Under Maryland law, a plaintiff pursuing medical malpractice claims must comply with certain prerequisites. For example, they must file a statement of claim, certificate of qualified expert and report, and claim form with the Maryland Health Claims Alternative Dispute Resolution Office (HCADRO) within six months of the date of harm. As recently discussed by a Maryland court, however, the failure to do so will not automatically result in the dismissal of the plaintiff’s claims against the federal government in federal court. If you sustained losses due to a careless physician, you should meet with a Maryland medical malpractice attorney to discuss what steps you must take to protect your rights.
Background of the Case
It is alleged that the plaintiff, a veteran, sought treatment from a federally owned military hospital for plantar warts on his foot. He underwent a surgical removal of the warts after which he experienced extreme pain. His symptoms would not abate despite continuous treatment. He subsequently file an administrative claim related to his care with the Navy.
Reportedly, his claim was denied, after which he commenced a medical malpractice claim against the federal government. After he filed the lawsuit, he filed a statement of claim, certificate of qualified expert and report, and claim form with HCADRO. The defendant then moved to dismiss the plaintiff’s case on the grounds that the documents were filed with HCADRO after the six month deadline proscribed by law.
Requirements for Pursuing Medical Malpractice Claims
The court declined to adopt the defendant’s reasoning that dismissal of his case was appropriate due to his failure to comply with the pre-suit requirements within the statutory period. The court agreed with the defendant’s assertion that Maryland law, which applied to the plaintiff’s claim, dictated that he submit the claim form and certificate of qualified expert and report to HCADRO before filing a tort action.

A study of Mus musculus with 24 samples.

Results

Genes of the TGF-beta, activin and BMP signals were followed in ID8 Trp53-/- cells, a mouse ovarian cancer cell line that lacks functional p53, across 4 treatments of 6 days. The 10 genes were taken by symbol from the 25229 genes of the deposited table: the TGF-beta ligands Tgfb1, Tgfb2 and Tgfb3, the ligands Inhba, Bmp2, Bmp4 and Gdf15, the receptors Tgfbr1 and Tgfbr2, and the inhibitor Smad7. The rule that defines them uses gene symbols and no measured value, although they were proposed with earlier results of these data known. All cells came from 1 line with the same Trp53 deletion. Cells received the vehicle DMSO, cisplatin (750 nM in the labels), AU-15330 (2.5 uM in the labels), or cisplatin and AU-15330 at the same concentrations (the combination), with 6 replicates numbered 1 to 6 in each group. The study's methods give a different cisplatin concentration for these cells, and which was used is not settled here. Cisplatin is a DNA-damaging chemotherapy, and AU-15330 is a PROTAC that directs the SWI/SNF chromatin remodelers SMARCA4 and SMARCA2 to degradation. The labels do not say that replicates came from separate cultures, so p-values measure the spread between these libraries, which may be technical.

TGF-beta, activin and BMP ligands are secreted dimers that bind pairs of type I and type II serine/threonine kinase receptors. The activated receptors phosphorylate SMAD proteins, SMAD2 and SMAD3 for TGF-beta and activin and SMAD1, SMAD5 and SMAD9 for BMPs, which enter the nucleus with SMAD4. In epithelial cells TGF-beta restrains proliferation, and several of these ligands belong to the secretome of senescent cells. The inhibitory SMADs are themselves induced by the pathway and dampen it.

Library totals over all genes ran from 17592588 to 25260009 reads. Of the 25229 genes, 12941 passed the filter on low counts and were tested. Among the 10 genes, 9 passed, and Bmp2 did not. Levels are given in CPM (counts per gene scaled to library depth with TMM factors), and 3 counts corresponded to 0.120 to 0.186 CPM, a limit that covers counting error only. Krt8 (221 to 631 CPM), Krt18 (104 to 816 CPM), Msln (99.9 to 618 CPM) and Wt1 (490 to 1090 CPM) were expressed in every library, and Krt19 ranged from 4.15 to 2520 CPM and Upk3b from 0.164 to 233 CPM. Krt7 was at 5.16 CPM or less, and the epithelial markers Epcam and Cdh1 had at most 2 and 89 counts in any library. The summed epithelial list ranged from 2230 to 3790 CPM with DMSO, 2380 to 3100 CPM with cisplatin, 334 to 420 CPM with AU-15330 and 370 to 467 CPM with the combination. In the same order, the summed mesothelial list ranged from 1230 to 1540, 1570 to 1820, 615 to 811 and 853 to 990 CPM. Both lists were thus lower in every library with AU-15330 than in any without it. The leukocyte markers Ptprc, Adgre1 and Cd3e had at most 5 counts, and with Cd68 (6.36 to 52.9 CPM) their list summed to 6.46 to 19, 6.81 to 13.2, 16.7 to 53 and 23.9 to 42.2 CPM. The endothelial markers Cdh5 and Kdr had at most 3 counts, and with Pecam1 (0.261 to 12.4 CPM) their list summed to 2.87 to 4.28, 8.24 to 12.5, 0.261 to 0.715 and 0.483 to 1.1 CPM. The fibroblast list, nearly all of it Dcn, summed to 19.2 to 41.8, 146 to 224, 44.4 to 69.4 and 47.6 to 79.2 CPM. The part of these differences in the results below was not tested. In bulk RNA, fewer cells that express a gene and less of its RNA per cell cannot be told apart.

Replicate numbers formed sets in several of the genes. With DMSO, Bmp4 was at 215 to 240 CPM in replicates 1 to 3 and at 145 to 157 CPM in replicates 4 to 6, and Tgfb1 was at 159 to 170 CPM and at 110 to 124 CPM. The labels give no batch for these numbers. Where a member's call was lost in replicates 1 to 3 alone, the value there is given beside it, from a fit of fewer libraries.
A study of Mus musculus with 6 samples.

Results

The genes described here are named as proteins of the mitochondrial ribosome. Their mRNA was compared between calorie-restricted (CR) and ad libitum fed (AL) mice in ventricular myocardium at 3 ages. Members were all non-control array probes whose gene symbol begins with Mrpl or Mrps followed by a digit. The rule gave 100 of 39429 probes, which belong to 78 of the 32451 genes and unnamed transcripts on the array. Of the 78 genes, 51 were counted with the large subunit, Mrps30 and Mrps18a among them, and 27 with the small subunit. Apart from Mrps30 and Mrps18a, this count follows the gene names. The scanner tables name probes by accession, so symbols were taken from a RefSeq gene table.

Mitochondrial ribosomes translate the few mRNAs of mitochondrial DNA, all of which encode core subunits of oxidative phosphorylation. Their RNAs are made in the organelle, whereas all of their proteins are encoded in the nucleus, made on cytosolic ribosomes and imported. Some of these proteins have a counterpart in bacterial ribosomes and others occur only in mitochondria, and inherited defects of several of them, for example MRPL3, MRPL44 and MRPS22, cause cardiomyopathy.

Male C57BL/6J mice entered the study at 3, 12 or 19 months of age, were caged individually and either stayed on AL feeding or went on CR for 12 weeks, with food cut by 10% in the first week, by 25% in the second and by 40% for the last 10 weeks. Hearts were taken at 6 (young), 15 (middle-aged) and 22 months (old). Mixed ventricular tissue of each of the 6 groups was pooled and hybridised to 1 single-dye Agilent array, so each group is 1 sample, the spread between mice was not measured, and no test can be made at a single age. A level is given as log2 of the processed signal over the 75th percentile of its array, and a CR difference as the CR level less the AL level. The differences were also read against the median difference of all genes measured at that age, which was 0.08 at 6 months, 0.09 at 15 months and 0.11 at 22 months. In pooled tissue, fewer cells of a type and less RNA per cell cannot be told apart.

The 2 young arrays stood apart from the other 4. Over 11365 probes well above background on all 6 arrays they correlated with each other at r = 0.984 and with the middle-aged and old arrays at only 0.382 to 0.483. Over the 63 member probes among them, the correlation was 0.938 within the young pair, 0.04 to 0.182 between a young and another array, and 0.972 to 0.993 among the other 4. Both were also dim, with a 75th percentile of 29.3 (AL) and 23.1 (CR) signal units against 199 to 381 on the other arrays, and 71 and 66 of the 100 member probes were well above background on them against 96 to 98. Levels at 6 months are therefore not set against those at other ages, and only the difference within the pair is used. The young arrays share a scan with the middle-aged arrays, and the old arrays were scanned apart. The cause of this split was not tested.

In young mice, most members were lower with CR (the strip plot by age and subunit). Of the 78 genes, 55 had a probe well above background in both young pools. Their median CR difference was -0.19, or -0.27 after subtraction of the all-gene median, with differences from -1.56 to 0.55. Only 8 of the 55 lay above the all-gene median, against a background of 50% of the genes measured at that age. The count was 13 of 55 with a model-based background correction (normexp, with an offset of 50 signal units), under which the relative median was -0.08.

The court clarified, however, that the pre-suit requirements established by Maryland law were inconsistent with the Federal Rules of Civil Procedure. As such, they could not apply to claims brought against the federal government in federal court. The court, therefore, agreed with the plaintiff that his initial failure to comply with Maryland’s pre-suit requirements was insufficient grounds for dismissing his claims against the defendant. The court also rejected the defendant’s assertion that the plaintiff’s claims were time barred. Based on the foregoing, the court denied the defendant’s motion to dismiss the plaintiff’s claims.
Confer with a Capable Maryland Attorney
There are certain procedures people must comply with before pursuing medical malpractice claims in Maryland, and if they fail to do so, it may negatively impact their rights. If you were harmed by a reckless healthcare provider, it is in your best interest to confer with an attorney. The capable Maryland attorneys of Arfaa Law Group can assess the facts of your case and help you to seek the best legal outcome available. You can reach us through our online form or by calling us at (410) 889-1850 to set up a meeting.